WASHINGTON • Unless you are a film buff, the name Alden Ehrenreich might not mean much to you.
Soon, it will - on Sunday, Disney and Lucasfilm officially confirmed that the 26-year-old actor will play young Han Solo in a standalone film about the character's origins.
He has big shoes to fill, but he should not worry. Harrison Ford's name did not carry much recognition either, when he took the role of Han Solo in the first Star Wars movie in 1977.
At that point, Ford had not been in much, a handful of indie films, a couple of episodes of Gunsmoke and a small role in American Graffiti (1973). As the story - which Ford perpetuates - goes, he had given up acting for carpentry, which he viewed as a more stable career.
"I left acting to become a carpenter because our second baby was coming and we like to eat. I wasn't making it as an actor," he said at the time, according to Huffington Post. The role did not make him a star in the way that Raiders Of The Lost Ark (1981) would, but it set him up to become Indiana Jones. It arguably kept him acting.
Still, Ford, now 74, has always seemed to hold his character and Star Wars as a whole in disdain. As Entertainment Weekly noted, he reportedly turned down hundreds, possibly even thousands, of offers to appear at cast reunions and Star Wars events.
At one event that he did attend, he said of Star Wars: "I don't know that I understood it very well. I'm not sure I understand it yet.
"Three is enough for me," he said in an interview after the final film of the original trilogy, then his tone shifted harshly. "I was glad to see that costume for the last time."
And as recently as 2010, he told ABC that he wanted Han Solo to be killed off. "As a character, he was not so interesting to me," he said.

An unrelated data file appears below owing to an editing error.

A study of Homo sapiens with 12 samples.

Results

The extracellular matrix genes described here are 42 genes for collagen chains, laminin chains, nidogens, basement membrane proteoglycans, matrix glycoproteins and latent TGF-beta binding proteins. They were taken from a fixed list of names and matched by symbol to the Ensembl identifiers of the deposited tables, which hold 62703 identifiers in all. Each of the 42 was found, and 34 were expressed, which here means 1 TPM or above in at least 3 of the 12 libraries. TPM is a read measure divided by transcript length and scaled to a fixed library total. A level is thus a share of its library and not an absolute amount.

In fact, when Entertainment Weekly received a tip that he might reprise the character in the new Star Wars franchise, the anonymous source went out of his/her way to say: "He's upbeat about it."
Much like Ford, Han Solo will likely be Ehrenreich's break. Unlike Ford, it seems like he actually wants the part. During the panel at Star Wars Celebration Europe, he seemed genuinely pleased to be part of the new Star Wars universe. At one point, he donned a Stormtrooper mask and wandered around the convention.
When discussing screen-testing for the part, he bubbled over with joy. "I never acted with a Wookie," he said. "It was pretty awesome."
It is probably for the best, as the audition process could not have been without stress.
Ehrenreich was the first person to audition out of 3,000, a process that dragged on for six months.
He is not the only one who seems pleased with the role.
"Thrilled Alden Ehrenreich is confirmed as the new Han Solo," one user tweeted.
"Alden Ehrenreich is an awesome actor. Glad he's going to be Han Solo," tweeted another.
"I'm so proud of Alden Ehren- reich right now. He's one of my fav actors and seeing him grow in his career is just awesome," tweeted a third.
And while his may not be a household name, he has worked with a dream list of the medium's best directors, a list many actors work their whole career to achieve - Francis Ford Coppola and the Coen Brothers, to name a few.
But he had received accolades much earlier in life. Steven Spielberg was attending the bat mitzvah of his daughter's friend when he noticed a 14-year-old Ehrenreich, according to IMDB. Word got around of the young actor and Coppola took him under his wing, casting him in Tetro (2009), Ehrenreich's first feature-length film.
He would appear in another Coppola-directed movie before appearing in Allen's Blue Jasmine (2013). Finally, he has one of the leading roles in Rules Don't Apply, a Warren Beatty film about Howard Hughes, which is set to come out in November.
Given that, there are not many young actors who would be more prepared to handle such a culturally important role.
The untitled Han Solo movie, directed by Phil Lord and Chris Miller (of 2014's The Lego Movie and 2012's 21 Jump Street fame), is set to come out in May 2018.